Angels' rotation wobbles along

By Mark Saxon

Garrett Richards
Garrett Richards has been up and down this season with the Angels, who are trying to solve their pitching issues.

ANAHEIM, Calif. -- Rumors swirl this time of year.

They also dart. They almost always die.

A couple of potentially marquee solutions to the Los Angeles Angels' pitching problem might have disappeared late Tuesday, as reports indicated Cole Hamels was nearing a contract extension to stay in Philadelphia and ESPN's Tim Kurkjian reported that the Angels' talks with the Tampa Bay Rays about James Shields had "fizzled."

So much for those big names, perhaps, but Angels general manager Jerry Dipoto still has until 1 p.m. next Tuesday to make the one move that could radically change the AL playoff picture in his team's favor. The Angels have been hoping for a while now that their rotation would heal itself, but that has been like watching paint dry in 80 percent humidity.

After rookie Garrett Richards put the Angels in an early hole they couldn't climb out of in Tuesday's 4-1 loss to the Kansas City Royals, the evidence suggests Dipoto has little choice but to act. In the Angels' last 23 games, the starters' ERA is 5.81. Take Jered Weaver's five starts out of that mix and it's 6.95.

You know the players are pulling for Dipoto, just as he pulls for them night after night. Perhaps they could stand around and clap when he pulls out his cell phone? It can't be fun watching much of their work go for naught. Since the All-Star break, the Angels have averaged 5.2 runs per game and gone 5-7.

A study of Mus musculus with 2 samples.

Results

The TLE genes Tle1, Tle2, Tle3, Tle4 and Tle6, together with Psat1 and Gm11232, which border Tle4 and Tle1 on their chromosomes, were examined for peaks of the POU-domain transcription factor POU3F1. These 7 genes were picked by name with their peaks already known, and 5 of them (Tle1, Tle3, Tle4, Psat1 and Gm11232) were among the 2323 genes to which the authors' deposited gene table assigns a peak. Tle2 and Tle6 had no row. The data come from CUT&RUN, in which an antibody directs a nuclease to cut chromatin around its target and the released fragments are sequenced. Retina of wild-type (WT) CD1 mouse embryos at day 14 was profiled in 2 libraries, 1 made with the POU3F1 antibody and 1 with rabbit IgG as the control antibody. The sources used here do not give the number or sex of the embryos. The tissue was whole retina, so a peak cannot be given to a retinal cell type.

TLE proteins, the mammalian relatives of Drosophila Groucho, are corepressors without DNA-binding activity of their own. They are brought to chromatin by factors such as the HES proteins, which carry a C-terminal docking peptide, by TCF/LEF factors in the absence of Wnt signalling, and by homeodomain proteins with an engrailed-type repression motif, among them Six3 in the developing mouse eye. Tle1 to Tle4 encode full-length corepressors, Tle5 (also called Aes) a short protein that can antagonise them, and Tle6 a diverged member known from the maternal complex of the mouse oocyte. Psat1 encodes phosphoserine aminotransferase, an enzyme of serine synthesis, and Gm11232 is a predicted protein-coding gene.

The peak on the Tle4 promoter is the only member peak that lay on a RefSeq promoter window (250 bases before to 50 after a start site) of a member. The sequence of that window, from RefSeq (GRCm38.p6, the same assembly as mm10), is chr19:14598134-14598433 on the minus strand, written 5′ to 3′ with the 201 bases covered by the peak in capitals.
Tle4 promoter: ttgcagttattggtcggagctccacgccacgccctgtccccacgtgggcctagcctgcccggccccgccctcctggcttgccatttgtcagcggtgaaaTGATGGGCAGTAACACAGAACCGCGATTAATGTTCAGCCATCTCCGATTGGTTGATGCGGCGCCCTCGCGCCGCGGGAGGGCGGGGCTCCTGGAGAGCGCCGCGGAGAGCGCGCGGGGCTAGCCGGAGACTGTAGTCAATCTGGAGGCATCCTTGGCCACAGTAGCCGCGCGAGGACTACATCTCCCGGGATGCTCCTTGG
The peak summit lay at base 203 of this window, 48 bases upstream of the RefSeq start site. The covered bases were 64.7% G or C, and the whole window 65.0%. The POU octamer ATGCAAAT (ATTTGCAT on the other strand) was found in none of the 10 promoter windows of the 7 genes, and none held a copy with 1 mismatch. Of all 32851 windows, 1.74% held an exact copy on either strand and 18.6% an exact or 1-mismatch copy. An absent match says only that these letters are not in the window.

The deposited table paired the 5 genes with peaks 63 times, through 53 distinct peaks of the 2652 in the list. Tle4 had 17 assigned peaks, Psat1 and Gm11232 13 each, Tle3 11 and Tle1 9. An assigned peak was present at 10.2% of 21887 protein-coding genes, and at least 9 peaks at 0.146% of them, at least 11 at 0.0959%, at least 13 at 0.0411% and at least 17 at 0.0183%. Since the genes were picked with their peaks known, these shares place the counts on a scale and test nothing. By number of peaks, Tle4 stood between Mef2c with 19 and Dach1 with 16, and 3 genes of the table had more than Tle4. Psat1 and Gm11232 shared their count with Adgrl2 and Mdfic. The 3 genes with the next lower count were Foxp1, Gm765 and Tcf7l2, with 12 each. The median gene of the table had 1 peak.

Lately, the offense has shown some signs of petering out and that's a truly frightening thought.

"It's always good if you go get somebody," Torii Hunter said. "If it's a veteran guy who's been around, that's fine. If you get him, you get him, but right now, it's not really a necessity. If we get him, we'll be thankful, we'll be happy. Other than that we're going to just go out there and keep doing what we do."

The Angels don't have much to barter in what figures to be a sellers' market for starting pitching. One of their primary competitors for the remarkably finite commodity also happens to be their division rival, the Texas Rangers.

But they might just have to overpay, maybe even part with a talent and personality as likeable as Peter Bourjos', because Ervin Santana hasn't given anyone reason to trust him, Richards and Jerome Williams have been up and down. Dan Haren looked good Sunday, but his return to form is far from a given. Weaver is good, but scientists are way behind on cloning pitchers.

Manager Mike Scioscia keeps waiting for a semblance of flow in his rotation. He has been waiting for more than a month. It's in Dipoto's court now, but until he finds a match, Scioscia just keeps putting pieces in holes that don't match, hoping they'll bend into place.

"It's very clear what needs to happen, but it's, 'Who's going to step up and get it done,'" Scioscia said. "Hopefully we're going to be more settled this next couple times around the rotation than we have the last 4-5 times."